Blizzard demands Dallas Fuel coach delete Hong Kong tweet

By Olivia Richman


Oct 11, 2019

Reading time: 2 min

Blizzard demanded Dallas Fuel assistant coach Justin “Jayne” Conroy delete a tweet in which he supported Hong Kong’s protest. 

The now-deleted tweet noted that Blizzard had the right to enforce its rules, although he didn’t agree with the video game developer’s level of censorship “and severity of consequences.” 

Ironically, Jayne was told he must remove the very tweet that called Blizzard out on their censorship. It’s this continued censorship that has caused a huge backlash against Blizzard in recent days.

When Hearthstone Grandmasters player Chung “Blitzchung” Ng Wai used the tournament as a platform to call for the liberation of Hong Kong, Blizzard responded by banning him from the prestigious event. They also revoked his prize money. 

While this was enough to have the gaming community up in arms, Blizzard also fired the two commentators that had been present during Blitzchung’s political stand. The two Hearthstone casters had hid behind the desk, presumbaly in fear of being associated with the event. Their fears proved understandable, given Blizzard’s response.

Community reacts to Blizzard’s extreme Hong Kong censorship


Blizzard was soon forced to lock their subreddit thanks to the immense backlash they were facing. Reddit users called for a boycott of Blizzard’s games. Other Redditors, including Mark Kern, World of Warcraft’s former team lead, told everyone to request personal information in order to backlog Blizzard. He claimed that if the developers don’t give the personal information within 30 days, the European Union will fine them.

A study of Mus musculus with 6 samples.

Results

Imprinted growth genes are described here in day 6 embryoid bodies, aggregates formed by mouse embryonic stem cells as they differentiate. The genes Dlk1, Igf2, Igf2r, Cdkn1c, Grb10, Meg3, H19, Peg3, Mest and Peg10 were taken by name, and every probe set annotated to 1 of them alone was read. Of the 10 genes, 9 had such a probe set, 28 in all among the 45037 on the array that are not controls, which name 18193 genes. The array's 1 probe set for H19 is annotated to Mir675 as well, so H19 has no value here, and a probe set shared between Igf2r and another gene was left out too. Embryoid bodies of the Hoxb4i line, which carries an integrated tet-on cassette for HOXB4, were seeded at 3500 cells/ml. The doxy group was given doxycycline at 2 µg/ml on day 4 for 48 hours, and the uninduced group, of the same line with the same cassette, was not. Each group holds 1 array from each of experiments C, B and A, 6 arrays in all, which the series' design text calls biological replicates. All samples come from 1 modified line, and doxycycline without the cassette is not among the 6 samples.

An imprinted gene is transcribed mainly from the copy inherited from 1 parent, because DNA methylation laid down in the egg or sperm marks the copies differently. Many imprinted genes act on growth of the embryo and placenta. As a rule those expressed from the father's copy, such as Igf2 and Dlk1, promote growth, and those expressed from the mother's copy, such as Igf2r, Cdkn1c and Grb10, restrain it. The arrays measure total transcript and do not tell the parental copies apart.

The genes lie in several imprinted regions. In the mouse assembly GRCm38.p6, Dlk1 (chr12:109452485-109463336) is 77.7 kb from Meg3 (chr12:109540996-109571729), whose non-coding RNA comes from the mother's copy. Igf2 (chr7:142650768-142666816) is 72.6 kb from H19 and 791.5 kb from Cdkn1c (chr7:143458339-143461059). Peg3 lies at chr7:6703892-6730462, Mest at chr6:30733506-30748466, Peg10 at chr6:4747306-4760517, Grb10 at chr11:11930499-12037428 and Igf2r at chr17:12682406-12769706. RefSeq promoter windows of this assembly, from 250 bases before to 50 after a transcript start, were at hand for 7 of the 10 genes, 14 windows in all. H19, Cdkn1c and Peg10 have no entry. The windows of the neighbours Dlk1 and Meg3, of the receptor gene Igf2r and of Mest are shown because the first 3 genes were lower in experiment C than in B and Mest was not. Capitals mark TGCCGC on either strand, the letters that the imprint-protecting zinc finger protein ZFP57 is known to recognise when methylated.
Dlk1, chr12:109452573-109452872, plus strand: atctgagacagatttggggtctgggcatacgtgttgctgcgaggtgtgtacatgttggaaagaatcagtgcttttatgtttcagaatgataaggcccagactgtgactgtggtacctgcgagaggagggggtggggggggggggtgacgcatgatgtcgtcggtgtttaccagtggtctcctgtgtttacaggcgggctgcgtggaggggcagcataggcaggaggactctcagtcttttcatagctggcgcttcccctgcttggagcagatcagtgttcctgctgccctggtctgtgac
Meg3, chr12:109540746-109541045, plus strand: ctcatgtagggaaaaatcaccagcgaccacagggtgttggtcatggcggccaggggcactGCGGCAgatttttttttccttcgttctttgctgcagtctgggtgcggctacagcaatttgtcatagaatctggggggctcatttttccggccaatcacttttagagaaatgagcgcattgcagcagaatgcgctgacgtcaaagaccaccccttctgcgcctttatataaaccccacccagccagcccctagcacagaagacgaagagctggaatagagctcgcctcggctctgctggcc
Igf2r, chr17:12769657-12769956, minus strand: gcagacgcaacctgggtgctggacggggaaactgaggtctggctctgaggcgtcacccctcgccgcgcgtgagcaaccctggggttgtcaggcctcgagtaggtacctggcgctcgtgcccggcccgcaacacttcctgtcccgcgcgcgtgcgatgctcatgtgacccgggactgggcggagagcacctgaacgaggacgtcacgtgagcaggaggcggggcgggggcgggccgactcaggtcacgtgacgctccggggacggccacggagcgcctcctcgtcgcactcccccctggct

On Twitter, #Blizzardboycott and other similar hashtags began to trend. 

Another interesting form of protest was using Overwatch’s Mei as a symbol of Hong Kong’s protests. Many drawings depicted Mei wearing a mask and holding an umbrella, which protesters are currently using to protect themselves against pepper spray. 

The community’s goal is to get Overwatch banned in China. This is based on the belief that the country will react similarly to how they banned Winnie the Pooh after many mocked Chinese President Xi Jinping for resembling the silly old bear. If Overwatch were to be banned in China, Blizzard would lose a lot of money, which is exactly what internet trolls are hoping for. It would another serving of irony, since many believe that Blizzard will do anything to please China. 

Blizzard, Epic Games respond to Hong Kong backlash


Within Blizzard itself, approximately a dozen employees staged a protest earlier this week. The peaceful walkout soon turned into about 30 employees meeting at the Orc Warrior statue outside of the Irvine office. They were hoping to make a statement about Blitzchung’s harsh punishment at the hands of the company. 

Another game developer, Epic Games, stated that they support “everyone’s right to express their views on politics and human rights.” 

Even politicians have joined in on the Blizzard backlash. 

“Blizzard shows it is willing to humiliate itself to please the Chinese Communist Party. No American company should censor calls for freedom to make a quick buck,” stated Senator Roth Wyden, a Democrat representing Oregon. 

So far, Blizzard hasn’t responded to all of the outrage over its actions. A day ago, Blizzard claimed to be were “assessing the situation” after Blitzchung told Engadget that the punishment was a direct “violation of free speech.”

“I am pretty sure I won’t get that kind of punishment if my speech was pro-China-government,” Blitzchung said.